Jordanian turns house into living museum of the 1980s (photo essay)
Entering the amateur museum is like stepping back to the 1980s. If you’re a child of that decade — or earlier — hundreds of memories will flood into your head as soon as you walk through the door.
Jordanian collector Ahmad Al-Akhras has transformed a warehouse near his home into a time capsule, displaying hundreds of objects and collectibles from the past century. He gives visitors a tour with detailed explanations of each piece, how it got there, and the time period it came from.
Al-Akhras began his memorabilia collection in the 1990s, gathering old school curricula, stationary, newspapers, children’s toys, consumer products, currency, shoes, and just about everything else. The collection dates back to early years of the Emirate of Transjordan.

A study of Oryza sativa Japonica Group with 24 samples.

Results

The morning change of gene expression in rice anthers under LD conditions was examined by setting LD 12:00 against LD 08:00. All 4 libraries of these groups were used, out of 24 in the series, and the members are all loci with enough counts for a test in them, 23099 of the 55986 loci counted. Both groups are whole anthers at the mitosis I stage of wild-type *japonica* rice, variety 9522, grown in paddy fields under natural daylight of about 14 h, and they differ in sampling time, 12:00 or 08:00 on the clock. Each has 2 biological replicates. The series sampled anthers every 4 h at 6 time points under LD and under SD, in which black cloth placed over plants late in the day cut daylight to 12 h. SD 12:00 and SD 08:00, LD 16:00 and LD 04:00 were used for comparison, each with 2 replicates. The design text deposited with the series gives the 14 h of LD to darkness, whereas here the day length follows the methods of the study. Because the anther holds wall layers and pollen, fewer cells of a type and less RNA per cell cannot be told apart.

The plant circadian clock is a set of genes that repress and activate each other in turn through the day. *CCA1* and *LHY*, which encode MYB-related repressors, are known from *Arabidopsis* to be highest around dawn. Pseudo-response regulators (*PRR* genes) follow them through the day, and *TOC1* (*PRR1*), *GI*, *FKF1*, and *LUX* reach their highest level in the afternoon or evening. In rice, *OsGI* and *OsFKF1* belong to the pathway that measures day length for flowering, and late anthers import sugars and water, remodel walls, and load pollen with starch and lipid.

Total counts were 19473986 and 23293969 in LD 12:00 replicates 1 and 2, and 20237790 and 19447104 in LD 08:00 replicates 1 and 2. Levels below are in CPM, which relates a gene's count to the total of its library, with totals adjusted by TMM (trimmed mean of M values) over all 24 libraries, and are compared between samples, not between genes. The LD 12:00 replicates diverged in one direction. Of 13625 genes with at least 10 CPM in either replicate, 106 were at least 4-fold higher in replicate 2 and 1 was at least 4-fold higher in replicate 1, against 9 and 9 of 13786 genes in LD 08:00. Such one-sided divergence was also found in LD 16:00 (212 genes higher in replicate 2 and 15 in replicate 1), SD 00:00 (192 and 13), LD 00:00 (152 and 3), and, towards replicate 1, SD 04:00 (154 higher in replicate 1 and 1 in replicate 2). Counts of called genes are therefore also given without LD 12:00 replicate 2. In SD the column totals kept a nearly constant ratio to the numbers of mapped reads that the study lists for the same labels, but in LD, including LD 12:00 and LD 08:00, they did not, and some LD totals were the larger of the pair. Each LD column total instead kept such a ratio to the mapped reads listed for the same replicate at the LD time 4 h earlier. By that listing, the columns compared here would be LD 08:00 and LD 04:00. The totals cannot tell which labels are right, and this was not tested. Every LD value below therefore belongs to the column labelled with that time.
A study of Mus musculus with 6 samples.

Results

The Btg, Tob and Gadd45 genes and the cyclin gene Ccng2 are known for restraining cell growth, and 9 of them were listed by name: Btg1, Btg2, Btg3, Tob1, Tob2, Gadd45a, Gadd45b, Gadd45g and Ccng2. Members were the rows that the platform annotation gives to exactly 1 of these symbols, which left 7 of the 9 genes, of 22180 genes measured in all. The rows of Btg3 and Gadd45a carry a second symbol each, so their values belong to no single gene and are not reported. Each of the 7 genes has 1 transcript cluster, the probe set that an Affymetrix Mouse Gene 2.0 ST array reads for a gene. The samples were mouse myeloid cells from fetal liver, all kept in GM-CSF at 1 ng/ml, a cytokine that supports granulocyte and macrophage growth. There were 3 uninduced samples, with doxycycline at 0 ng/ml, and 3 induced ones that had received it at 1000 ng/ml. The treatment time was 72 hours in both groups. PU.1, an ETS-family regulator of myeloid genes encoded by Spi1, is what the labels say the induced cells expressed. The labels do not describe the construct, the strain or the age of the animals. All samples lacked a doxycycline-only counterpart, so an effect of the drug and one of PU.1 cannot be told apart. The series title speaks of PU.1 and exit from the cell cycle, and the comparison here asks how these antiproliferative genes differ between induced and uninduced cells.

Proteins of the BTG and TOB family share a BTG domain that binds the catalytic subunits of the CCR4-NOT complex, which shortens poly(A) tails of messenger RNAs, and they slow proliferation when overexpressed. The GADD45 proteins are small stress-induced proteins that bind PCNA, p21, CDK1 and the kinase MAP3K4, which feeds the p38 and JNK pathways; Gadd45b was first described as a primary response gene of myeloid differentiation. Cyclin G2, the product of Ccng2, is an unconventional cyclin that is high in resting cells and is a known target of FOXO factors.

“I collected most of these things myself, and I bought part of them by selling some scraps [to raise money] for this purpose,” he says. “When students in the 1990s finished with their schoolbooks and toys, I kept them and other old things in a cache in my house. I knew that these things would be valuable, and serve as a legacy, and document that part of our history and our childhood, which is considered a beautiful time.”
Al-Akhras’s project has been met with interest from Jordanians, especially the older generation. He says that visitors from the “Golden Generation” are nostalgic, while the younger generation is amazed at the games that were popular back then, such as the Atari and Sega consoles, or plastic toy soldiers — the old-school version of PUBG.
The collection also has a social media aspect, as Al-Akhras is looking to “transfer the archive into the virtual world through Facebook and TikTok, in order to reach masses of people and revive their memories.”
Al-Akhras wants the Greater Amman Municipality to provide an official space for the collection. And he hopes that it can serve as an archive for newspapers, curricula, and other rare documents that are not found elsewhere in the Arab world.